2,552 reputation
622
bio website
location Netherlands
age 40
visits member for 2 years, 4 months
seen 4 hours ago

Java and security expert with over 10 years of experience with the language and with the practical application of cryptographic protocols - including the design of protocols within international standardization bodies. Creator of a heavily used common criteria certified product. Over 30 years of experience with computers. Likes kids, cats, reading, movies and several sports.


6h
revised Security of KDF1 and KDF2 (hash based KDF's)
changed KDF0 to KDF1 and KDF1 to 2, as suggested by answer of Imari
17h
comment Cryptographic library quality
Because it takes a lot of resources away from actually developing the library. They are paper procedures mostly. Furthermore, FIPS and CC (CC much more so) have the nasty side effect that they do not promote updates to libraries.
1d
comment Relation between key size and PRNG state size
Then again, generating a 1024 key in itself is not fine, that key size should no longer be used.
1d
comment Cryptographic library quality
There is no answer here that is not at least opinionated. After the last debacle using a non-managed language (read: one that not intrinsically protects against buffer overflows), I would not consider anything in C. As Botan is object oriented C++ it would come slightly closer. FIPS certification is clearly not enough; it may even be detrimental to perform certification.
1d
comment Security of KDF1 and KDF2 (hash based KDF's)
Hopefully it does not matter if $c$ is signed or unsigned, of course :P. Maybe the security of the KDF can be directly mapped to a hash vs HMAC comparison?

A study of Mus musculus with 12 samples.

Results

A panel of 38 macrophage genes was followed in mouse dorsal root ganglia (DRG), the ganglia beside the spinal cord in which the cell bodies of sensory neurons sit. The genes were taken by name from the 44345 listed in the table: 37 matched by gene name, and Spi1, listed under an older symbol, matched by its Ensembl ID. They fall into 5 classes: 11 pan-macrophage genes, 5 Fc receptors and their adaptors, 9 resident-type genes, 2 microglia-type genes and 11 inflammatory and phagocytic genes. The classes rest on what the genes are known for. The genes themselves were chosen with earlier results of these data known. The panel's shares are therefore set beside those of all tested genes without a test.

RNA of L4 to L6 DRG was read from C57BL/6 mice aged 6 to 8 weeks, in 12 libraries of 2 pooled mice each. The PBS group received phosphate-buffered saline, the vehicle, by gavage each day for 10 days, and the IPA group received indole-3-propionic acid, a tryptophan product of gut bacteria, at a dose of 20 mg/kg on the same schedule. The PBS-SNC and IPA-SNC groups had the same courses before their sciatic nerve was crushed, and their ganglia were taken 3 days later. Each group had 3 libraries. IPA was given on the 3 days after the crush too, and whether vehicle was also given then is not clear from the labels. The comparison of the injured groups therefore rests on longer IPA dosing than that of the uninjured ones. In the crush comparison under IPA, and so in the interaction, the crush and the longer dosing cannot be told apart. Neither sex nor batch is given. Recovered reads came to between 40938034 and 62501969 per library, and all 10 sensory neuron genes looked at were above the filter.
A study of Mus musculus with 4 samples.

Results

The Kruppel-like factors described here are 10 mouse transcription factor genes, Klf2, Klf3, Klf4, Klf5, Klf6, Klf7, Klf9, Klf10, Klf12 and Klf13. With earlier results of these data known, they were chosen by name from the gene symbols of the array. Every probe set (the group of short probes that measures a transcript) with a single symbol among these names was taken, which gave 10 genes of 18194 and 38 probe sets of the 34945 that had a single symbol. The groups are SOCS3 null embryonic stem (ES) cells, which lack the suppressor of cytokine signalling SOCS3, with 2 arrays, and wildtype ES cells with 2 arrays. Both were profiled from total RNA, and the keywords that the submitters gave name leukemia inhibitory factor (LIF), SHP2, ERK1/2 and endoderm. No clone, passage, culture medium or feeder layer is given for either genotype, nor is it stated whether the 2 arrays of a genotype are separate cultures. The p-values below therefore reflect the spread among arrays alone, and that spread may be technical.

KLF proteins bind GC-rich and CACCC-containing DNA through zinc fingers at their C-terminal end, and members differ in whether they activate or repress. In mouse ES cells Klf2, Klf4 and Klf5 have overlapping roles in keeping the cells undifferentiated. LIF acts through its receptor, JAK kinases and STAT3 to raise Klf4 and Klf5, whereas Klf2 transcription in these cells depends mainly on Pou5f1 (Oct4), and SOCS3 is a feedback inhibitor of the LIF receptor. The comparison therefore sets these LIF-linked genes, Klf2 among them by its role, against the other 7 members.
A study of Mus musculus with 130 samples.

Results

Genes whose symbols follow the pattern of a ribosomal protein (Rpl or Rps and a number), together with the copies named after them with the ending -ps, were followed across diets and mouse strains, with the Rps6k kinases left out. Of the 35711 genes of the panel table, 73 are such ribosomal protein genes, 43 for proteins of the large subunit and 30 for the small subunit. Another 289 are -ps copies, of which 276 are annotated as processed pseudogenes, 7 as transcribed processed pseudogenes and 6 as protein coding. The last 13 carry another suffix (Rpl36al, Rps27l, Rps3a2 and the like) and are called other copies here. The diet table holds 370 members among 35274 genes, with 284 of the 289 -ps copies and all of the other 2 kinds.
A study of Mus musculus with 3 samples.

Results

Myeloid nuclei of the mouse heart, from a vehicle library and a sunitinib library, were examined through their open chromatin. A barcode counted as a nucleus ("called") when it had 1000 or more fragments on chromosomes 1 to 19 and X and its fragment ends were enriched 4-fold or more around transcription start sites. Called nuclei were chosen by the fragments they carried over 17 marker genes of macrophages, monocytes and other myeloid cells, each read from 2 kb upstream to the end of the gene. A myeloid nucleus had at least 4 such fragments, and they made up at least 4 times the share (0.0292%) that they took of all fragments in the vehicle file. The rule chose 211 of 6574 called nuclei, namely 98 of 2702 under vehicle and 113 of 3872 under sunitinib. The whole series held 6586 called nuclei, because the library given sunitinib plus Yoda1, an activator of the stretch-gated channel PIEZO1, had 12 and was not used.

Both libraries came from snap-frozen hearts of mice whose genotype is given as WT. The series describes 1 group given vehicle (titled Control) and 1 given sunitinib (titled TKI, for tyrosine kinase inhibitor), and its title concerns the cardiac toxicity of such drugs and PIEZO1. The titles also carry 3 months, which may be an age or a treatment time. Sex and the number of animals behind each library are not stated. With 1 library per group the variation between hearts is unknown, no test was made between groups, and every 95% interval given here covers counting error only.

1d
asked Security of KDF1 and KDF2 (hash based KDF's)
1d
comment Questions about Key Derivation Functions
I think you should use HKDF (or a KDF from NIST SP 800-108) if you require a KBKDF (key based KDF) and PBKDF2 if you require a PBKDF (password based KDF) that performs key stretching. You don't need a PBKDF2 (or salt nor iterations) if you already have a key / secret with enough entropy.
Apr
7
answered Convert SpookyHash to semi-secure 192bit hash
Mar
31
comment How can I convert a DER ECDSA signature to ASN.1?
Note that for Java, you can simply perform new BigInteger(1, byte[] r).toByteArray() as the default Java encoding of a BigInteger is identical to the ASN.1 encoding of INTEGER.
Mar
22
awarded  Nice Question
Mar
18
comment Why is H(k||x) not a secure MAC construction?
Thanks I knew by now how Keccak behaves of course, but I forgot to add the information myself.
Mar
18
awarded  Notable Question
Mar
17
comment Modular protocol design
I would pass on that last question as well, it would be highly debatable - you cannot prove if something has a modular design or not. E.g. "has a clear goal" is highly subjective. If this question is asked for a test you should give your own opinion and reasons why you think it is or is not modular instead. Then the given reasoning behind your decission could be evaluated.
Mar
17
awarded  Excavator
Mar
17
revised Cipher Feedback Mode
added a single word "enter" at the right spot
Mar
17
comment Elliptic Curves of different forms
In your openssl example you use "binary curve" twice. Is that intended or a typo?
Mar
17
comment Hash Based Encryption (fast & simple), how well would this compare to AES?
In general, hash functions are not fast compared to block ciphers. So at least the fast part is incorrect, and I'm not sure this is more simple than e.g. AES-CTR, which does approximately the same thing while using a block cipher.
Mar
17
comment Hash Based Encryption (fast & simple), how well would this compare to AES?
@fgrieu That's the answer, not a comment :)
Mar
3
comment How do process calculi, CSP, Promela, … compare?
I've marked this as not an answer PulpSpy. Probably you did not have enough rep. back in the day. You may want to delete this brand spanking old post :)'
Mar
2
comment Would it be secure to use random numbers from random.org in a cryptographic solution?
OK, but we cannot be assured either that random.org does not repeat its random stream on a reboot etc. That would preclude a lot of the above use cases. Basically, we can only hope that random.org is valid from what is pronounced at the front page. That's simply not enough.